Do These Points Form a Curve?

I was interested to browse through a paper by Buunk et al. in the most recent issue of Evolution and Human Behavior in which the authors report the results of psychological experiments exploring the differential relationship between height and sexual jealousy in women and men. The authors predicted that (self-reported) sexual jealousy would decline with increasing height in men and that women of average height would report the lowest levels of sexual jealousy. The theory driving these predictions is that higher-status, more attractive individuals should be less jealous on average because they are better able to prevail over would-be competitors and, presumably, if they experience partner infidelity, they can always find another partner. The authors cite the abundant evidence for increased social dominance in taller men and suggest the relationship between women’s attractiveness and height is quadratic, with women of average height being most attractive. One hundred women and 100 men were asked question, “In general, how jealous are you in your current relationship?” Responses fell on a six point scale ranging from (1) “not jealous” to (6) “morbidly jealous”. The authors’ results apparently support their hypotheses. So here are the two figures that they use to show that (1) jealously declines linearly with height in men and (2) is quadratic for women, with average-height women least jealous. The first figure is for men:

Buunk et al. (2008) Figure 1

The second figure is for women:

Buunk et al. (2008) Figure 2

Hmmm. I don’t know if I would rest much on the interpretation of that figure as being “quadratic.” It seems entirely possible that the curve is driven simply by the sparseness of the tails. There are fewer women of extreme height, either tall or short and this allows a few influential points to leverage the line up at the ends. Think about the upper 95% confidence interval of a linear regression line. Doesn’t look that different from their figure 2, no? This makes me wonder how robust the relationship is. For example, if we were to bootstrap replicate samples (with replacement) and re-fit the quadratic form, how many would have a significant at some conventional level (e.g., p<0.05)? There is also the question of whether this quadratic curve fits better than a linear relationship. One could test the two nested models using a likelihood ratio test.

Then there is the question of confounding variables. At the very least, it seems that one would want to control for age of the actors, duration of relationship, and quite possibly other measures of wealth or status. It seems reasonable to posit that being extremely wealthy would modify the degree of sexual jealousy experienced by a man of average height, for instance.

This is why I remain a skeptic of evolutionary psychology…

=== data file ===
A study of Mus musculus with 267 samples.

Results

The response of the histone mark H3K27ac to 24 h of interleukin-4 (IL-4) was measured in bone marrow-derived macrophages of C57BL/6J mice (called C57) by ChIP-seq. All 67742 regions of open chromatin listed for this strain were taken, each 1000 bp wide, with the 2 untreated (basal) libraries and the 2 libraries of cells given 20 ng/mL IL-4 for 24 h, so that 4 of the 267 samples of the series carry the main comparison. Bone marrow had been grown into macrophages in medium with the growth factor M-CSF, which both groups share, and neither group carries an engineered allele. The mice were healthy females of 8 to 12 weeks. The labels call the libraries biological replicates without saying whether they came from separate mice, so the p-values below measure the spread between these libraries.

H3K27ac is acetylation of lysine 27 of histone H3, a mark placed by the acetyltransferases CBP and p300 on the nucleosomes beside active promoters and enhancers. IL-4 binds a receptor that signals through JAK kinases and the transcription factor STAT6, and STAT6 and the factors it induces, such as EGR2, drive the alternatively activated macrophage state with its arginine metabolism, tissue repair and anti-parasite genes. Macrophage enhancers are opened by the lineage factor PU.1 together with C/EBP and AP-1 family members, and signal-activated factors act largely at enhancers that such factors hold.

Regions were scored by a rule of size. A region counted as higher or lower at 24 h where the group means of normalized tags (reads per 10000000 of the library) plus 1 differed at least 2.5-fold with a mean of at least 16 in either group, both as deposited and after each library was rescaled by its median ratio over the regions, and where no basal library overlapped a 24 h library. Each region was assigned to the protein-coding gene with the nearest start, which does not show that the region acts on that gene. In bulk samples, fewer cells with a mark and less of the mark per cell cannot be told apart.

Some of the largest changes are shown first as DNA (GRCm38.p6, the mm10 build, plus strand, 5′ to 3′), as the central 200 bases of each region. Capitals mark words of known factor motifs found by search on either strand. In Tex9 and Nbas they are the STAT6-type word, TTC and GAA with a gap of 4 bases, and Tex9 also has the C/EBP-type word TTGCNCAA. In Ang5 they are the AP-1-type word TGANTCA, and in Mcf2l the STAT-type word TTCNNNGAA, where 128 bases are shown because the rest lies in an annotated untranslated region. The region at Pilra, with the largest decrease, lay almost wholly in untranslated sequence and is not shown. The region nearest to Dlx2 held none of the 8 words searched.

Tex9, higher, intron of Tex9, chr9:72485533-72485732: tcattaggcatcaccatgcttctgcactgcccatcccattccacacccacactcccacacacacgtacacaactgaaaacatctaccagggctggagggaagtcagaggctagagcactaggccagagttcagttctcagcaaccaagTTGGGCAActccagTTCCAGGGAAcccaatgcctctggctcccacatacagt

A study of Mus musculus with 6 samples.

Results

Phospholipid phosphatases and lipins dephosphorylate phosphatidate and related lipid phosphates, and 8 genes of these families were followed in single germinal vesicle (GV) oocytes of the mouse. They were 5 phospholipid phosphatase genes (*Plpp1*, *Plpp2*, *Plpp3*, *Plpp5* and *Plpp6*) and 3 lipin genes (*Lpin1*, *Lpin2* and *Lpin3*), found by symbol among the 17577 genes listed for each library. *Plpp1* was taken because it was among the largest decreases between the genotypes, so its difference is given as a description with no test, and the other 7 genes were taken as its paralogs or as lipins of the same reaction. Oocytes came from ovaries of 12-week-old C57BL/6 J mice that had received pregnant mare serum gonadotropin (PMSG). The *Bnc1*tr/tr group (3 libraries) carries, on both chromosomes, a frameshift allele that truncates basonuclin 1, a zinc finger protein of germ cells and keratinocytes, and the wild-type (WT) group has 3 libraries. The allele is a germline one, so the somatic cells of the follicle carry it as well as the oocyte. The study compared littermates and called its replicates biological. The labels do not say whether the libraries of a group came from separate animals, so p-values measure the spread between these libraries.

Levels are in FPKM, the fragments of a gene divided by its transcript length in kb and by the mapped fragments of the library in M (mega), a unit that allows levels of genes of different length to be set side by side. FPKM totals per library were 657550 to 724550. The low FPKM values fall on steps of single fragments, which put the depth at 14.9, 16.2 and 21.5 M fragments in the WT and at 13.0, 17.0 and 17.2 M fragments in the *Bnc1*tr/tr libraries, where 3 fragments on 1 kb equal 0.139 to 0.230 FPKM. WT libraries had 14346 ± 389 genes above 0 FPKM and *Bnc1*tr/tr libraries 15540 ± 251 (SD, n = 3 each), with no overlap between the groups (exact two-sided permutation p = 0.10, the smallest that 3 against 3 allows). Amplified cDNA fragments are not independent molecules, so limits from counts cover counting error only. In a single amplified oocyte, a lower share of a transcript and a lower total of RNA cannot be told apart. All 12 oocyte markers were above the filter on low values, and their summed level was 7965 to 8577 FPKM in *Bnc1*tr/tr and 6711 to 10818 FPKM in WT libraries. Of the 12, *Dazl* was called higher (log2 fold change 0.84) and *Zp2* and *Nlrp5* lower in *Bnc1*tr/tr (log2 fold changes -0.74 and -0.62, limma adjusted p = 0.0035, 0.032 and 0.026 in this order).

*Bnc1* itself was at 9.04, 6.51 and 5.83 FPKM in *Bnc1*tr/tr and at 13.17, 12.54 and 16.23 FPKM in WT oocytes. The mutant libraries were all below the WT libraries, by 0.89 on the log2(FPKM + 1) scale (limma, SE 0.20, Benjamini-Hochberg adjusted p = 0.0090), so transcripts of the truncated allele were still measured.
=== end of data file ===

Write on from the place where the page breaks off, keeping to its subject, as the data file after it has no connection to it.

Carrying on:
Reference

Buunk, A.P. J. H. Park, R. Zurriaga, L. Klavina and K. Massar (2008) Height predicts jealousy differently for men and women. Evolution and Human Behavior. 29(2):133-139.

2 thoughts on “Do These Points Form a Curve?”

  1. As one of the authors of the height and jealousy article, I've found people's enthusiastic reactions to the research far more interesting than the results themselves (which are, let's face it, mostly a bunch of fairly weak correlations). I don't pay attention to the rather common "hey I'm short, but I'm not jealous!" denials of the results, as these people appear not to understand what an imperfect correlation implies (there are MANY exceptions). But when more serious issues are raised--such as the one about the quadratic effect raised here--then I am more inclined to follow it up.

    I found the comments regarding the quadratic effect helpful, because it led me to realize that the figure doesn't show the dataset in is entirety. There were actually many overlapping data points (for instance, there were four women who were 172 cm tall, with a jealousy score of 1, but these just show up as a single dot on the scatterplot). While I don't disagree that the tails are sparse, there are many data points in the average-height/low-jealousy part of the graph that are not visible in the figure.

    How robust is this relationship? Not very. This is what Study 2 of the article showed. There were three additional figures for women that show rather convincingly that the quadratic effect of the type found in Study 1 is not robust. (So it's rather unfortunate that the Internet newspapers latched on to the Study 1 finding and declared that average-height women are least jealous, when our Study 2 results showed that the story is more complicated.)

    What about all the confounding variables? Yes, it would be good to control for some obvious confounds, but not because they would weaken the evolutionary account. There is no rule that evolved psychological tendencies must show up robustly in spite of all other cultural and social influences. "It seems reasonable to posit that being extremely wealthy would modify the degree of sexual jealousy experienced by a man of average height, for instance." That's not merely reasonable--I would be surprised if wealth didn't also influence jealousy.